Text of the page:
Tracking Outcomes in Community
Mischer Neuroscience Associates Extends Accountability
for Quality Across the City
Most people would agree that it’s one thing to say you’re the best, but something entirely different to prove it. That’s exactly what leadership at the Memorial Hermann Mischer Neuroscience Institute at the Texas Medical Center has being doing for the past five years by monitoring patient care, tracking outcomes and holding affiliated physicians and nurses accountable for the care they provide. At the same time, the Institute’s arm in the community, Mischer Neuroscience Associates (MNA), is creating an innovative roadmap for tracking quality in its physician practices across the city.
“After many years of looking at quality metrics for our programs and physicians at the Texas Medical Center, we decided it was time to extend our performance improvement initiatives across the Memorial Hermann Health System,” says Amanda Spielman, chief operating officer for neurosciences. “During that time we also built a neurology network to partner with our neurosurgeons in the community. Once we had a high-performance team with the full range of neuroscience providers in place, we wanted to know if we were looking at the right benchmarks for quality, safety and performance improvement based on the types of cases done in the community. We asked ourselves, how do you take a successful quality effort and move it from an academic medical center into the community? There’s no roadmap in existence for an effort like that, so we set out to create one.”
“Our goal was to apply the same standards we use at the Texas Medical Center to our community practices. Today, we’re tracking mortality, surgical site infections, length of stay, patient satisfaction and other data as a group, and using it to modify our clinical practice to ensure that we deliver best-practices care.”— Paul D. Boone, M.D.
MNA neurosurgeon Paul D. Boone, M.D., practices at Memorial Hermann Memorial City Medical Center and has been very involved in the initiative to track quality outcomes in the community. “MNA is a collaborative effort between neurosurgeons, neurologists and pain management specialists who have made a commitment to excellence,” says Dr. Boone, who served on the faculty at Vanderbilt University Medical Center for eight years before relocating to Houston and joining Mischer Neuroscience Associates. “As part of that commitment, we needed to have a surveillance program in place that would allow us to look at quality data and track our outcomes. Our goal was to apply the same standards we use at the Texas Medical Center to our community practices. Today, we’re tracking mortality, surgical site infections, length of stay, patient satisfaction and other data as a group, and using it to modify our clinical practice to ensure that we deliver best-practices care.”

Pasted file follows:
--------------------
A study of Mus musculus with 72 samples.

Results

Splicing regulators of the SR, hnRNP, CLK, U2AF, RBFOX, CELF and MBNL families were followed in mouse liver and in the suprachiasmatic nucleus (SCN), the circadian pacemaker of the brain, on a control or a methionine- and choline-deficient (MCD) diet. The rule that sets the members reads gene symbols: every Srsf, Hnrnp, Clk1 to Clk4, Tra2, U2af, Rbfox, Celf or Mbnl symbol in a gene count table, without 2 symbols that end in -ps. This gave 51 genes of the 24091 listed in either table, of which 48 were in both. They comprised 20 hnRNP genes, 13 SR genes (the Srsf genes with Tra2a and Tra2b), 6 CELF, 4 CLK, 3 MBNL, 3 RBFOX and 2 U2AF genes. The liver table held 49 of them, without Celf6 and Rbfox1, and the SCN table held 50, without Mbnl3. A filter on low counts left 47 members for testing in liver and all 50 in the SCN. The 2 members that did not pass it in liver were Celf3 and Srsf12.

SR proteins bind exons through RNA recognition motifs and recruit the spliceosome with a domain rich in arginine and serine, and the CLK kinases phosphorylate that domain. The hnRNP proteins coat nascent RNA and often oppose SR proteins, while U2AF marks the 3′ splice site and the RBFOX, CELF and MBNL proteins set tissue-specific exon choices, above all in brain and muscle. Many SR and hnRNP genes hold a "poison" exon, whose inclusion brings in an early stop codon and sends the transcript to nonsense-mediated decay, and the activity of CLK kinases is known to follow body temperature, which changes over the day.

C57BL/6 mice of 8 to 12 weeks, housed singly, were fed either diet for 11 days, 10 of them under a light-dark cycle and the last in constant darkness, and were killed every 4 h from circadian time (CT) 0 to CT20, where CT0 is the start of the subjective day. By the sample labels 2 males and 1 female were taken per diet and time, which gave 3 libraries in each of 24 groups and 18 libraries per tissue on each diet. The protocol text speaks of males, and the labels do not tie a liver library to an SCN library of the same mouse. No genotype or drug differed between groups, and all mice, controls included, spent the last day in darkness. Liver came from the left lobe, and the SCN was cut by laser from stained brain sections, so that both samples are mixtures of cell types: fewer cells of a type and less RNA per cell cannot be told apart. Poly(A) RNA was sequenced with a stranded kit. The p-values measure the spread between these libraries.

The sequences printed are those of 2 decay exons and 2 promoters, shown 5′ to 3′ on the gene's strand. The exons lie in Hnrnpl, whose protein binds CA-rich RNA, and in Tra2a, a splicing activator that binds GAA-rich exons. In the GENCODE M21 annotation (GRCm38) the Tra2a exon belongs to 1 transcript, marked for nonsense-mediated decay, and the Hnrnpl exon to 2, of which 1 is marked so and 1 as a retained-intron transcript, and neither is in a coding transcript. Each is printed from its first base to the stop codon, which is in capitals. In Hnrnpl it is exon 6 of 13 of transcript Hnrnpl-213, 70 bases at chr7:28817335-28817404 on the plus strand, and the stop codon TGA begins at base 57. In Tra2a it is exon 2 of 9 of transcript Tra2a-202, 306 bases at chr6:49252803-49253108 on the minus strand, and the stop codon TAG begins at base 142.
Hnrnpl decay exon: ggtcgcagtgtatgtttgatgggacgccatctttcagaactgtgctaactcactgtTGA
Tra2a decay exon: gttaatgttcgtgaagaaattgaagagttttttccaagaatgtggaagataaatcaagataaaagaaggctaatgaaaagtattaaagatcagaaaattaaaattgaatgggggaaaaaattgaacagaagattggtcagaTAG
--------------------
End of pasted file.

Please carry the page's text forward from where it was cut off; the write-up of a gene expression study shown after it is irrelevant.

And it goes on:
Traditionally, community practices have been more focused on the business of medicine than academic medical centers – scheduling patients, filing insurance forms, reviewing test results and following up. “It’s very unusual for community practices to engage in this kind of self-assessment,” Dr. Boone says. “Physicians in the community run busy practices and in general don’t track their quality metrics. With healthcare reform, government agencies and others are collecting data and making it available on the Internet. What we’re trying to do is put more focus on the quality of medicine we deliver, not just the business. We all believe we’re providing superior care, but if we rely on our own self-assessments, there may be surprises when we see the actual data. By proactively looking at our own data and continuously improving our practice, we stay ahead of the curve.” MNA practices are now holding regular Morbidity and Mortality (M&M) Conferences in which cases with complications or unexpected outcomes are reviewed. “This is just one example of moving initiatives typically done at academic medical centers to the community,” he says. “M&M Conferences allow us to sit down as partners and have cases presented to us. If an outcome was unexpected, we look at it analytically and discuss what could have been done differently. In this way we identify small problems before they become larger and implement practices to prevent future occurrences.”
As healthcare reform moves the focus of medicine toward keeping patients healthy, Dr. Boone expects the MNA quality and accountability effort to expand. “As demographics change and new technology emerges, health care is transforming before our eyes,” he says. “As a group we’re working hard to make sure we’re not only prepared for those changes, but leading them.”